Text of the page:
Goals and Values
How does the achievement of one of the economic goals impact/interfere with the success of other economic goals?
Each economic goal impacts another. If one goal succeeds, the rest are sure to be impacted by that success. For example, if there is good economic freedom, the people will be able to choose what they want, how much they want, and when they want it. That leads to better economic security and predictability because good and services will be available when needed, and there will be a increase in protection over individuals in case of an economic disaster. However, that means that economic equity will decrease. There will not be a fair distribution of wealth if people are choosing how much of certain things they want without the government interfering.
Developed Country: Spain
Spain has a high rate of trade. This means that it has a high level of economic freedom because individuals are able to trade freely with others. They are then able to gain items and money at their own free will. There is also a high level of economic growth and innovation because of this. Trade helps grow Spain's economy by bringing in new innovations, materials, and ideas. Spain's economic efficiency has grown. It has a high level of property rights, which means that resources can be owned by anyone, but they are carefully maintained. The economic equity in Spain is about average. Government spending and fiscal freedom is currently rising, so there is not a completely fair distribution of wealth among the people. However, the economic security and predictability is higher because of the increase in taxes. The more taxes that individuals give the government, the more they can be assured that goods and services will be available if and when a disaster strikes.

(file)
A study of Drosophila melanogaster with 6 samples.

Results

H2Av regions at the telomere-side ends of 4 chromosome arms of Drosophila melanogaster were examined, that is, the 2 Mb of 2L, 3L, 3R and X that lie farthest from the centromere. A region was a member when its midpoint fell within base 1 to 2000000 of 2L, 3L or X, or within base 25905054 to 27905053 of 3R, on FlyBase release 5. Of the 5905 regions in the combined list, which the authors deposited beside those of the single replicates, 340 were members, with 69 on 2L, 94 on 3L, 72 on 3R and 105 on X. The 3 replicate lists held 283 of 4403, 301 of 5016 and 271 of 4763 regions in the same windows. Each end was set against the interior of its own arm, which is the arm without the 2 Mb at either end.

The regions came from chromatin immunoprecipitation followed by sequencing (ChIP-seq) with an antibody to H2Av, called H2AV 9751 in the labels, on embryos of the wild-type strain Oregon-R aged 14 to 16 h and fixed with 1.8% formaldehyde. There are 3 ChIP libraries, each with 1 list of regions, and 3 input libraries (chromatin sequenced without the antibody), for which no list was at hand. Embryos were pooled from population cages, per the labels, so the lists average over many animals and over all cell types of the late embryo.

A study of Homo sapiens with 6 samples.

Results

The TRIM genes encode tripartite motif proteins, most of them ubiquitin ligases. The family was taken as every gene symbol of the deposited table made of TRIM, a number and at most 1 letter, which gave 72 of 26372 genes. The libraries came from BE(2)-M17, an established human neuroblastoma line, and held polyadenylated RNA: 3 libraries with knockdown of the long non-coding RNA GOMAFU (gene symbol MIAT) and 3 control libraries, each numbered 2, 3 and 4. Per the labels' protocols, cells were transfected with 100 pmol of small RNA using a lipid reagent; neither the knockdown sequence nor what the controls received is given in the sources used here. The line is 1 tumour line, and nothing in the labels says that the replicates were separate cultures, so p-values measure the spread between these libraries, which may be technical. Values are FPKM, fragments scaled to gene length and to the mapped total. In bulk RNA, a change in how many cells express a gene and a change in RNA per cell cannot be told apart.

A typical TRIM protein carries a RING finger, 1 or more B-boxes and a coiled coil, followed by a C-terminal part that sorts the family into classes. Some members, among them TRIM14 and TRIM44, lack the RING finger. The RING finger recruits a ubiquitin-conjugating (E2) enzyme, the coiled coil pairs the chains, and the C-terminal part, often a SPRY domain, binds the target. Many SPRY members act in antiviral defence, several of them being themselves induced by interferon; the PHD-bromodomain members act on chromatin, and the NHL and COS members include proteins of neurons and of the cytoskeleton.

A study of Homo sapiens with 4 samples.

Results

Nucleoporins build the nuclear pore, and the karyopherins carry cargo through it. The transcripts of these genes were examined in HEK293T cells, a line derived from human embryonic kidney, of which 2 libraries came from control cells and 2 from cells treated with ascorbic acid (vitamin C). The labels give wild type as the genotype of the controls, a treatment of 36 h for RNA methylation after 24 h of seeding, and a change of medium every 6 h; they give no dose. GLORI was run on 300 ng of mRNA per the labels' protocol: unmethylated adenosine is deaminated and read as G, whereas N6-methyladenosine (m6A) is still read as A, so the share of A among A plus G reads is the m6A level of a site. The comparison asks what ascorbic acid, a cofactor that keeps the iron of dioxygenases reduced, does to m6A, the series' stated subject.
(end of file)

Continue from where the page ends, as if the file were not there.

Less Developed Country: Madagascar
Madagascar does not have much economic freedom or economic security and predictability because of its high poverty rate. The government does not impose high taxes on its citizens, but that is because of the limited amount of money that they make to begin with. The economic efficiency of Madagascar is not too bad. It is a rural economy, for the most part, and because of that the amount of resources that the society has is typically controlled well. The economic equity is generally a little lower due to the fact that Madagascar has a rural economy. A fair amount of individuals work as farmers, and they do not make as much as those who work in the government. Therefore, the distribution of wealth among workers is not entirely equal. There is not much economic growth and innovation either because of the poverty and lack of new ideas. The country of Madagascar struggles with poverty as its main problem, and it's currently fighting to stop that problem.